After the Crossplane Crankshaft Concept 3 was shown at last fall’s Intermot Motorcycle Show in Cologne, Germany, rumors swirled about a new Yamaha inline-three-cylinder-powered sportbike. Turns out they were well-founded: Yamaha just announced the FZ-09, a brand-new naked sportbike powered by a Triple that’s a spitting image of the one displayed in the concept bike. Production of the FZ-09—the first of possibly many Triple-powered models based on the concept—has already begun, and the bike has a competitive suggested retail price of $7990.
The Triple is an all-new design, a liquid-cooled, dohc, four-valve-per-cylinder powerplant displacing 847cc. It’s counterbalanced and naturally “crossplane,” as Technical Editor Kevin Cameron reported in his web story on the concept. Like Triumph’s three-cylinder engines, the Yamaha’s three crankpins are spaced 120 degrees apart. “With this arrangement, there is zero shaking of the engine’s center of mass and zero crankshaft rpm flutter caused by piston inertia torque. But there is a side-to-side rocking. In modern engines, this ‘rocking couple’ is canceled by a crank-speed balance shaft,” wrote Cameron. The FZ-09 engine uses an even firing order.
Yamaha threw a lot of technology at this new engine, highlighted by features such as YCC-T (Yamaha Chip Controlled Throttle) and Yamaha Drive Mode (D-Mode), which offers three power-delivery maps. To ensure a wide spread of torque, three different-length intake funnels are used: 82.8mm, 102.8mm and 122.8mm. Tuned for strong low-end and midrange grunt, the new Yamaha Triple produces a claimed 65 foot-pounds of peak torque (measured at the crankshaft). The exhaust is a stainless-steel, three-into-one design with an undermount muffler/catalyst chamber (sans EXUP) and a MotoGP-inspired silencer.
An all-new aluminum frame and swingarm form the foundation of a sporty chassis. The 41mm inverted fork and single shock have preload and rebound adjustments. Tires, 120/70-17 front and 180/55-17 rear, mount to lightweight 10-spoke, cast-aluminum wheels. The suspension has 5.4 inches of travel up front, 5.1 in. out back. Wheelbase is identical to Yamaha’s FZ6R’s (56.7 in.), which is also about 3/4 of an inch shorter than the FZ1’s or the outgoing FZ8’s.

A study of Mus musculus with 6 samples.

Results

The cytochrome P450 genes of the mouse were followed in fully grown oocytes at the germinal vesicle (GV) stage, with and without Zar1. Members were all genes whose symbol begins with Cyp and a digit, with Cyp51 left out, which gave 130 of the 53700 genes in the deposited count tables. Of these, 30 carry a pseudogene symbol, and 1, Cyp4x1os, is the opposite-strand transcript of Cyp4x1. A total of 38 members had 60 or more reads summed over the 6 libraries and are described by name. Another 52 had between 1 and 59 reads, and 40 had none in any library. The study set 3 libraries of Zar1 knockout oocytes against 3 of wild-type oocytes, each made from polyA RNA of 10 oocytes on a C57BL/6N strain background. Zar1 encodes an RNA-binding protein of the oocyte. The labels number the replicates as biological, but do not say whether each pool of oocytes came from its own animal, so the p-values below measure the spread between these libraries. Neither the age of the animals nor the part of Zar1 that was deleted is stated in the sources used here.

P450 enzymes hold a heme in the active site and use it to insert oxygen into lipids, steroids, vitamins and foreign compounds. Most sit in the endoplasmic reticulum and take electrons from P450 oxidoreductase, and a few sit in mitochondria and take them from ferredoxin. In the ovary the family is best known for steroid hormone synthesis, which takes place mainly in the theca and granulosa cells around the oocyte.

A 25-degree rake and 4.1-inch trail implies agile handling. Another indication of the FZ-09’s sporting intent is the 414-lb. wet weight (full tank of fuel), which puts the FZ-09 in the ring with Triumph’s Street Triple R (395 lb. dry), while also being considerably lighter than the 487-lb. (wet) Yamaha FZ1 and 467-lb. (wet) FZ8.
Considering this new Yamaha’s price, the FZ-09 has an impressive list of high-quality components. In addition to the chassis details noted above, this Yamaha also has excellent brakes: a pair of 298mm discs pinched by radial-mount, four-piston calipers in front and a single-pot rear with a 245mm disc. Others features, such as a tapered aluminum handlebar and a brake pedal, shifter and footpegs made of forged aluminum, are rarely seen on bikes in this price range. The lightweight LCD instrument panel and new handlebar switch pods are a nice touch, giving the FZ-09’s cockpit a polished look and feel.
We won’t have the opportunity to ride a 2014 Yamaha FZ-09 for a few more months, but were able to throw a leg over the bike at a private unveiling. We were impressed. The FZ-09 feels very light and narrow. Its 32.1-in. seat height is reasonable, and the fit, finish and quality exceeded our expectations given the MSRP.
No word yet from Yamaha about on-sale date, but we do know the FZ-09 will be available in two colors, Liquid Graphite or Rapid Red. The bike appears to represent a significant value in an expanding “big” middleweight class.